A former Lawrence Livermore National Laboratory physicist has been sentenced by a court in California to 18 months in prison for submitting false data and reports with the “purpose of defrauding a government agency”. Sean Darin Kinion, 44, who earned his physics PhD from the University of California, Davis, pleaded guilty in June to mail fraud and acknowledged that he was involved in “a scheme to defraud the government out of money intended to fund research”. In addition to his prison term, which will begin on 26 January, Kinion will have to pay $3,317,893 in compensation to the US government. He will also undergo supervision for three years following his release from prison.
According to Lawrence Livermore spokesperson Lynda Seaver, the lab began to see “red flags” in Kinion’s work in late summer 2012 and, after initially putting him on leave, lab administrators sacked the physicist in February 2013. That action was relatively simple because Kinion was not a civil servant – he was a contract employee who could be “dismissed for cause”. The lab then referred the case to the Department of Energy (DOE), which oversees national laboratories in the US. The DOE’s inspector general forwarded the case onto the Department of Justice, which began the process that led to Kinion’s prosecution.
Kinion’s trial focused on funding that he received between 2008 and 2012 from the Intelligence Advanced Research Projects Activity (IARPA), which belongs to the Directorate of National Intelligence. According to the local US attorney’s office, the funding was to let him “design, build, and test experimental components in the field of quantum computing”. Prosecutors put particular focus on an experimental design that involved the deposition of ion-trap electrodes on polished sapphire wafers, which were covered by a layer of niobium that was wet-etched with hydrofluoric acid. The prosecutors noted that Kinion had received a grant of $539,000 for the necessary equipment. “[He] claimed he had used the equipment successfully to build and test [the] experimental components, and submitted reports and information in support of these claims,” the prosecution stated. “Kinion, however, never set up nor operated the equipment.”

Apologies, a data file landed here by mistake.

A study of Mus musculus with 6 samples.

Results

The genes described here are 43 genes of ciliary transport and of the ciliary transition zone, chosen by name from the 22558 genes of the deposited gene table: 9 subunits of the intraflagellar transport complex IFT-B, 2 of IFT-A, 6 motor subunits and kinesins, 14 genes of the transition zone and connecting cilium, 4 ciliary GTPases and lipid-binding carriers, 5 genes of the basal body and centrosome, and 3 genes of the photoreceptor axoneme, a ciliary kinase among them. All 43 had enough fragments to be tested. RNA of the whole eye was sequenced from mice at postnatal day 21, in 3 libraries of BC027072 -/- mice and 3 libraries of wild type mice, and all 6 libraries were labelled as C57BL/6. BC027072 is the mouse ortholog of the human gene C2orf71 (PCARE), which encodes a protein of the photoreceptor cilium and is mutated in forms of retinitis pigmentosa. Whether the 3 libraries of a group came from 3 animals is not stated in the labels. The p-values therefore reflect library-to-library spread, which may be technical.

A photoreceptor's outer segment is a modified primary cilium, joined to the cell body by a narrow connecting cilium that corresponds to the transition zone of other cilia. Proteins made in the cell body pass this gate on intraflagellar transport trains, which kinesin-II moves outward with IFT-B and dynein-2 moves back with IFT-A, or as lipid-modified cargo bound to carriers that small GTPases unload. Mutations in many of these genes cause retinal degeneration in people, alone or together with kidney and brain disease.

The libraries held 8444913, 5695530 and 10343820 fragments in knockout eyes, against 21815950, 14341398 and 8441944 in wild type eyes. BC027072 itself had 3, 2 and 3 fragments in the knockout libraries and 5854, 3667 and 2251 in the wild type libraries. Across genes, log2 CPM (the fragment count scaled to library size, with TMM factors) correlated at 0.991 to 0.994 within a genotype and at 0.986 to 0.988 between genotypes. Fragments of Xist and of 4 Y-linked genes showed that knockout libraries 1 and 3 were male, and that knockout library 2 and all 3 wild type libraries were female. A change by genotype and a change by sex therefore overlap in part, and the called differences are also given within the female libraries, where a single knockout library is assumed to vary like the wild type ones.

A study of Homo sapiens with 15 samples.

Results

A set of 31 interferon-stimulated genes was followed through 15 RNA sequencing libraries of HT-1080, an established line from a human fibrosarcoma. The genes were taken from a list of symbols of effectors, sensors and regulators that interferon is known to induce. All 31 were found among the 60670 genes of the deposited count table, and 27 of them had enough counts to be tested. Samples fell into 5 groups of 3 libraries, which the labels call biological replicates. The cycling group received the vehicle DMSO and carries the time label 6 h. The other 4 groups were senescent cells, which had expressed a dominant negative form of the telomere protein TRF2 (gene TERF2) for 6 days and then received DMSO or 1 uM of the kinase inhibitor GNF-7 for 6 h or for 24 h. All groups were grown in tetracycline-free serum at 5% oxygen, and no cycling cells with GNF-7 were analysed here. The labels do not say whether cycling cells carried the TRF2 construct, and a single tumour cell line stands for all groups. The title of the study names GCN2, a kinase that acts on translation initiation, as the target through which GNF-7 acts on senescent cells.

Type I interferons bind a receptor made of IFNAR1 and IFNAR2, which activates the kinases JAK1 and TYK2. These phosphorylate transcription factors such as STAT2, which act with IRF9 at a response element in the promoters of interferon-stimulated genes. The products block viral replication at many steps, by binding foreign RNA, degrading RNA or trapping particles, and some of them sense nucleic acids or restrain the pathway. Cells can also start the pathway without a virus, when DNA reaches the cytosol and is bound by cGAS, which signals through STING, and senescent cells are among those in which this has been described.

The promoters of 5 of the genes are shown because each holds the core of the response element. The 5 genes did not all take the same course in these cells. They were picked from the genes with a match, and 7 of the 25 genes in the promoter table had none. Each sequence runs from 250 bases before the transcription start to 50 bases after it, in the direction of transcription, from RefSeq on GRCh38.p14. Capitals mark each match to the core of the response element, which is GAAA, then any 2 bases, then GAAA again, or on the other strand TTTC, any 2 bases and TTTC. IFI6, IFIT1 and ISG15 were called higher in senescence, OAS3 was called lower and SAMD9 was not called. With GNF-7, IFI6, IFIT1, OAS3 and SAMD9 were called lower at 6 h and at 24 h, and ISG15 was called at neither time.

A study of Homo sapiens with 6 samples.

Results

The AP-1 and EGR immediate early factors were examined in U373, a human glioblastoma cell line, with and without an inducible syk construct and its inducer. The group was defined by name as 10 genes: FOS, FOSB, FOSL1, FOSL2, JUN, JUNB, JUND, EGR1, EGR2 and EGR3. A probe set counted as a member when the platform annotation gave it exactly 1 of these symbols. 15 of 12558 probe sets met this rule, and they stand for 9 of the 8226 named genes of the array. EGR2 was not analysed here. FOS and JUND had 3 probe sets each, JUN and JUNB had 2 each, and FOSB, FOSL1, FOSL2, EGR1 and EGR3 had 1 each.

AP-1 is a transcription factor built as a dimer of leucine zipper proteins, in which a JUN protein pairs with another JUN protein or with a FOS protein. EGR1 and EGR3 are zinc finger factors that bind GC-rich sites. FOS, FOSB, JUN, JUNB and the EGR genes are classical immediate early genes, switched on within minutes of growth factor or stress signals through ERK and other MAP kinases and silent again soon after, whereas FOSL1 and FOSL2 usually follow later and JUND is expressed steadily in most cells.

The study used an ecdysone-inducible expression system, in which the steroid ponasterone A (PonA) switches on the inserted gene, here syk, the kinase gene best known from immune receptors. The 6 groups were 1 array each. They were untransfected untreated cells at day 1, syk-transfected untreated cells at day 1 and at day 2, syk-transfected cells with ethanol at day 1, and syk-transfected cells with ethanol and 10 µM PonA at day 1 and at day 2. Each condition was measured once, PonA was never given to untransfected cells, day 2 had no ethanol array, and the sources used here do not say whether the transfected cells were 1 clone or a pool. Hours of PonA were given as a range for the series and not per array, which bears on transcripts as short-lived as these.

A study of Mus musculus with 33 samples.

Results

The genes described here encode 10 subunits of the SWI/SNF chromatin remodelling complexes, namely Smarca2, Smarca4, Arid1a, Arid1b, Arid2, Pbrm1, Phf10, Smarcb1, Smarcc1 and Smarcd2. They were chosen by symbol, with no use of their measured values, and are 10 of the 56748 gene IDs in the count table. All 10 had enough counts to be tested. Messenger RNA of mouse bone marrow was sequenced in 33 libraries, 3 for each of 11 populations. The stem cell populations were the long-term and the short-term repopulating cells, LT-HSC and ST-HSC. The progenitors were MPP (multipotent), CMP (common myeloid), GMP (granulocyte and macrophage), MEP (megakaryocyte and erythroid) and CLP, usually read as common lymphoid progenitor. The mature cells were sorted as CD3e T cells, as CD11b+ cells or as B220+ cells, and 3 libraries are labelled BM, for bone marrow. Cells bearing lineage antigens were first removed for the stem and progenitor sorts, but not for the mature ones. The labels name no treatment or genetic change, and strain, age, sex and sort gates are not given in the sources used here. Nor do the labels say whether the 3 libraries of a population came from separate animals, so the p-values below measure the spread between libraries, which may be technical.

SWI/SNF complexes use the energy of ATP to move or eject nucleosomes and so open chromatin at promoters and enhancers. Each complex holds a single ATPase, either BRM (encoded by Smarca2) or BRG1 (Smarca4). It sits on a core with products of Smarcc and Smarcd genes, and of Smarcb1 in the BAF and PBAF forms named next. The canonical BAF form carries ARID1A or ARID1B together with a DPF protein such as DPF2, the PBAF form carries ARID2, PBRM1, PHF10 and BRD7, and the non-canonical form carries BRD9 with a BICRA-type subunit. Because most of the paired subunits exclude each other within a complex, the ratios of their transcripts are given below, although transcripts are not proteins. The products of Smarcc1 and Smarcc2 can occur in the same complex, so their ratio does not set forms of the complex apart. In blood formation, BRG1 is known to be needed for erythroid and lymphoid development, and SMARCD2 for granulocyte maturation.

The prosecutors also note that Kinion mailed “bogus” non-functioning components to the IARPA’s validation team and also “altered and backdated Federal Express mailing labels and falsely claimed that he mailed items on dates prior to the date he actually mailed them”. According to the prosecutors, he also conducted a three-day “charade” experiment for a scientist visiting Lawrence Livermore to establish the legitimacy of the research he claimed to have carried out.
False and fraudulent data
In court documents, prosecutors noted that Kinion set out to win prestige and advance his career rather than enriching himself. Yet he “presented to the government false and fraudulent data and information in a scheme to defraud IARPA into thinking he had performed the work…[and] took deliberate additional steps to conceal and prevent IARPA from discovering his fraudulent scheme”.
According to Kinion’s lawyer James Phillip Vaughns, “Kinion does not, and did not, admit to any embellishment of his theoretical work.” While no papers were published based on his research, prosecutors charged that the fraud wasted the time and effort of scientists who tried to test and duplicate Kinion’s results, as well as taking IARPA funds that other researchers could have received. Prison time for scientific fraud is extremely rare in the US. But noting that the prosecution had requested 51 months in prison, Vaughns told Retraction Watch that the 18 months Kinion received “could be viewed as a favourable outcome”.